A CARP angler helped save the lives of two friends following a snow blizzard off roading accident using the fleece duvets from his Nash bedchair and sleep system.


‘If it happened another ten times, they would probably all be dead on every occasion, it was a miracle they survived,’ said Craig. ‘Their Land Rover had a full roll cage which took the brunt of it, but it still just disintegrated as it rolled and threw them out.’

After taking a wrong turning in blizzard conditions two Land Rovers ended up climbing a narrow cliff face edge and couldn’t go any further before tragedy struck and the second vehicle rolled through picket fencing down the sheer drop.

Like a James Bond film

‘I really thought all of them were dead, you can’t fall that far and survive, it was like something you see in a James Bond film,’ he said. ‘I got my fishing clothes on put my woolly hat and head torch on and grabbed the duvet layers and started climbing down after them.’

With the weather worsening and friends off to try and raise help trained first aider Craig unzipped the twin layer Sleep System duvets and slid two of the casualties close to each other, wrapping them in the thermal layers to try and preserve their body temperatures.

‘One who was severe was only in shorts. It makes it sound that we weren’t prepared but in the vehicle we had ski suits and all sorts of cold weather gear we just weren’t expecting to need it in an instant because of an accident,’ Craig explained.

The men were travelling in Land Rovers like this.

The men were travelling in Land Rovers like this.

Hypothermia risk

‘Hypothermia was the danger so I wrapped the peachskin layers all around their legs and lay on top of both of them to try and keep them warm. I was speaking to the emergency services and requesting an air ambulance – we weren’t going to get out any other way, not up or down.’

On the phone for almost three hours Craig began to doubt they would be rescued: ‘At one point I broke down, all we knew was help was on its way but I couldn’t feel my legs, we were in snow and we only had our body heat and I kept being told not to let the casualties drift in and out of sleep. Keeping them awake and conscious was the big thing.’

The efforts of a 50 man rescue team were complicated by both the extreme conditions preventing helicopters taking off and also the fact that the vehicle had rolled onto a privately owned weaponry range.

Three-hour ordeal

Mark Jones, deputy team leader Brecon Mountain Rescue emphasised the danger of the conditions to the casualties: ‘Despite the potential for trauma the real risk to life was from cold. We assumed at least two casualties had spinal injuries but the risk was still the cold. They had been there around three hours before we got to the scene, it was sub-zero and we had the first snow of the winter,’ he explained.

‘Craig had made his way down into a difficult area following the route the vehicle had taken, and did what we would wholeheartedly recommend, left the casualties where they were and insulated them from the cold using the blankets he had to protect their lives.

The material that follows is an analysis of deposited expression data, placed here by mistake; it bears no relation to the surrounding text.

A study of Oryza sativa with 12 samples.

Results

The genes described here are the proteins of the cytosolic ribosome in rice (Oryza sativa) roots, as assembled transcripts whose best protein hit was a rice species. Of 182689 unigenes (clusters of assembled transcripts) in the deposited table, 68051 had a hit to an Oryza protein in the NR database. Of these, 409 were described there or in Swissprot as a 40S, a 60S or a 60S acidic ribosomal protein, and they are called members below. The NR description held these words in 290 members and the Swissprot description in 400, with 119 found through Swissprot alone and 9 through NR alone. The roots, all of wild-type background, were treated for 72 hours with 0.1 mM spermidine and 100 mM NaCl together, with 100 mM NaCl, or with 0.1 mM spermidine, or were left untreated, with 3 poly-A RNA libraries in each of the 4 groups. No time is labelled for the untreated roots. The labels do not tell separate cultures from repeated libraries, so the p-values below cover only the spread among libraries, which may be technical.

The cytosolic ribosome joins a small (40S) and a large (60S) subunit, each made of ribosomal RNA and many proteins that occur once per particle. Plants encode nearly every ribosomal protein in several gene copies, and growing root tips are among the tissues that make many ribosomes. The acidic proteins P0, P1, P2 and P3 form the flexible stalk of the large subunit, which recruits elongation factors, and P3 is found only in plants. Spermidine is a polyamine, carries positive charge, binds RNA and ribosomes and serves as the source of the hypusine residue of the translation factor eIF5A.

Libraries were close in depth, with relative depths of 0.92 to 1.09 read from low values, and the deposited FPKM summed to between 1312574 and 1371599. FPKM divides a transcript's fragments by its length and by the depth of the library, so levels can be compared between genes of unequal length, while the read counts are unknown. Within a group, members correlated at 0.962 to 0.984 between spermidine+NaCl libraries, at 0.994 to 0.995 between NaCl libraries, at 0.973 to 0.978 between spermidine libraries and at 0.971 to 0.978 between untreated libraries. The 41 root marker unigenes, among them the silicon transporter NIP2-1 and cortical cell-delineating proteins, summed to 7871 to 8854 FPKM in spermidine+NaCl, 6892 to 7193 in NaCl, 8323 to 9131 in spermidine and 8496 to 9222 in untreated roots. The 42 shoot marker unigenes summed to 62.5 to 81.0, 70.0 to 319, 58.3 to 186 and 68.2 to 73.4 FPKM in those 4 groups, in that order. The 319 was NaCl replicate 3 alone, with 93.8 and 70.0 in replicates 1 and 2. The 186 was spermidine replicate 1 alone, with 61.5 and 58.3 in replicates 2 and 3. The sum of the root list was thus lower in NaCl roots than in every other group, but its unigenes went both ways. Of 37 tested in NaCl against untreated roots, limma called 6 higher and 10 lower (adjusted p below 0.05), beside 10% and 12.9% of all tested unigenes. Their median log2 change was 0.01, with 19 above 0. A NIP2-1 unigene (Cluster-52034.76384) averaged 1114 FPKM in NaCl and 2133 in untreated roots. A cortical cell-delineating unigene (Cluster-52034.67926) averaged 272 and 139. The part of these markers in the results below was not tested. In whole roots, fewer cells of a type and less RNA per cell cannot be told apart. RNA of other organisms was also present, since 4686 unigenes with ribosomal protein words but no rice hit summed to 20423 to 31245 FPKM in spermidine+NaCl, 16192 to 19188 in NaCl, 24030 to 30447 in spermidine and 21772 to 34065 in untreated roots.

‘They didn’t have much going for them they were cold, wet and had little clothing. We have dealt with people who can become medically severely hypothermic in an hour, and people can be dead within two hours, even experienced climbers who have suffered an injury and laid down and not been able to insulate themselves,’ said Mark, 46, who has 30 years experience with Brecon Mountain Rescue.

‘We are used to working with people who are very cold and severely injured and distressed in places that on a lovely day are beautiful but on a not so lovely day can take your life,’ he added.

The Sleep Skin system that carp angler Craig had with him played a key part in his rescue efforts.

The Sleep Skin system that carp angler Craig had with him played a key part in his rescue efforts.

‘Brave and commendable’ says Kevin Nash

Nash Tackle replaced the duvet layers that could not easily or safely be retrieved from the crash site. Company boss Kevin Nash described Craig’s efforts to save his friends as ‘brave and commendable’.

‘It’s a testimony to the efforts we go to making the highest quality products, the result being that lives were saved,’ Kevin added. ‘We’ve had Titans documented as saving lives, now our Sleep System duvets have the same accolade.’

Nash Tackle have also made a donation to Brecon Mountain Rescue, who operate entirely on funding from charitable donations from the public and require £40,000 per year to cover operational costs.

‘Last year I took a normal sleeping bag and froze my cobs off,’ said Craig. ‘This time I took my roof tent and Sleep System layers and those duvets kept my friends alive until we received help,’ he emphasised. ‘Without them they would have suffered more severe hypothermia.

‘A lot of people got out of bed to save us that night and we will always be grateful for their rescue efforts.’